We have to socially distance right now, but let's not emotionally distance.
With my own county officially in a shelter-in-place order, schools closed until who knows when, kids at home, many non-essential businesses closed down, people working from home/remotely (I myself am now conducting all my sessions with clients via videoconferencing), concerns about our under-resourced health care system, and everyone having the same spoken and unspoken fears of economic instability and insecurity on the micro and macro levels, shit is hard right now. Our collective future is unknown and uncertainty causes all kinds of anxiety and psychological disruption. This virus is calling on all of us to cope in ways some have never coped before. We are having to stretch hard and fast. That is generally not easy to do. How are you coping with it all?
I am going to stray from writing about my usual human sexuality content today; hope that's OK. In psychology there is a concept: dissociation. This is when a person disconnects from their own body and stops being present to and with whatever is happening for them in that here and now moment. If you have been an astute reader of mine, you know that I frequently write about a person’s inner life. Your inner experience - what are your thoughts, feelings, physical sensations, reactions, decision-making processes, values, etc. What you are noticing and how you are taking that information in. Similarly, dissociation is another kind of inner experience - however it is not taking any information in at all.
Dissociation happens on a spectrum. On the far, severe end of the spectrum is the type of dissociative episodes people describe doing who have experienced extreme bodily violation and/or abuse (torture, rape, profound abuse): “I left my body” or “I watched it happen to me from outside/above my body” or “I have no memory” or “My memory of the event is spotty, like flashes”. (Those flashes of memory represent how the person came in and out of their body.) On the other, lesser end of the spectrum of dissociative behavior is what every single one of us does, probably several times a day: daydreaming. We mentally leave wherever we are and let our minds wander to something more pleasant. “I wonder what my life would be like if X was different?” or “It would be so nice to be back on that beach in Hawaii right now instead of dealing with this.” Other language people use to describe this lower-level dissociation is they “check out” or “numb out”.
Dissociation is at the root of most compulsive behaviors. Have you, or anyone you know, ever said or done the following: “I started binge watching Netflix/playing video games/watching porn and before I even knew it 4 hours had passed”? This is another example of that lower-level checking out, of dissociating. Not staying present in your body to experience whatever you were experiencing.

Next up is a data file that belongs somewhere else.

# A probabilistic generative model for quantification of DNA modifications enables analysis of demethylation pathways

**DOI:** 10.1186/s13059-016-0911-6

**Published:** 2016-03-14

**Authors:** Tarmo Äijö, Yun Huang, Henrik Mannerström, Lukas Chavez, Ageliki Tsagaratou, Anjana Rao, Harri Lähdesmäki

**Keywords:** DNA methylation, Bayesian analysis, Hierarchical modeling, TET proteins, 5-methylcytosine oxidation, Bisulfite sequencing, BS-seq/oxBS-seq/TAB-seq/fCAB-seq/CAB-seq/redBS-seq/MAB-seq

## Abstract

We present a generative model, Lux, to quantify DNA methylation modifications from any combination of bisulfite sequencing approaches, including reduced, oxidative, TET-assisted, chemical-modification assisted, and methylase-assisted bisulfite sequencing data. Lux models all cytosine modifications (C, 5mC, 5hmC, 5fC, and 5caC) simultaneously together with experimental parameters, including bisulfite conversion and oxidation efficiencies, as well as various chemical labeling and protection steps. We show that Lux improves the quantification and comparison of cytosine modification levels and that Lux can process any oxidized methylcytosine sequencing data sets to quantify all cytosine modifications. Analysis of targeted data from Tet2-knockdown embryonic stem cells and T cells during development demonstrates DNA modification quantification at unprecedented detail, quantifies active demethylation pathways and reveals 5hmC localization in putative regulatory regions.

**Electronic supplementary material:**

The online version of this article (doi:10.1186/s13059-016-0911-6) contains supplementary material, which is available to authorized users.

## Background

Dissociation has been pathologized by my profession, and I disagree with this interpretation. Why? Because it is a perfectly appropriate response to a terribly difficult experience. It is the psyche's attempt to lessen the pain.
A “terribly difficult experience” is, of course, subjective. What may be intolerable to one person may barely register as a blip on the screen to another. That does not matter; we are not here to rate the legitimacy of anyone’s coping response. In my experience as a mental health professional I have repeatedly seen my clients over the years “check out” when they experience things like boredom (cue sexual dysfunction); anger, resentment, or overwhelm (cue sexual dysfunction); pain or fear (cue sexual dysfunction); and even joy and pleasure (cue sexual dysfunction). This is a way of emotionally distancing from the pain or intolerability of that particular emotion. Dissociating is way of distancing from your present reality.
So, like I wrote earlier, shit is hard right now. You may be having moments of being gripped by panic and fear. You may be struggling to regulate yourself in the face of near-constant Coronavirus information on every single media platform. You may even find yourself falling down the rabbit hole of reading/watching everything Coronavirus. And when you get overwhelmed, you most likely dissociate a.k.a. check out a.k.a. distance yourself emotionally from your current reality. You pull away or numb out. But I am curious: where do you go? Into your phone? Your own private thoughts? A mood-altering substance? A compulsive behavior?
It’s OK if you find yourself doing this. Like I said, it’s a perfectly appropriate response to a terribly difficult situation. For most people I know here and around the world, this qualifies as a terribly difficult situation. The key is, once you notice you have emotionally distanced from yourself and those around you, just come back. Please. Don’t judge yourself for emotionally distancing - that will most likely start up your particular brand of shame spiral. Instead, praise yourself for noticing where you were and what you did. And then come back to the present moment. And breathe. Your community needs you.
© 2020 Diane Gleim
Hi friends, I apologize for not updating this space recently. As of late all my writing has been posted on my Psychology Today blog, Underneath The Sheets. So while I have been writing, I have not posted them here. I will start cross posting. In the meantime, if you wish to see what I have written feel free to go here and look on the right side under "Recent Posts":
I am a licensed Marriage and Family Therapist and AASECT Certified Sex Therapist and Supervisor located in Sonoma county, California.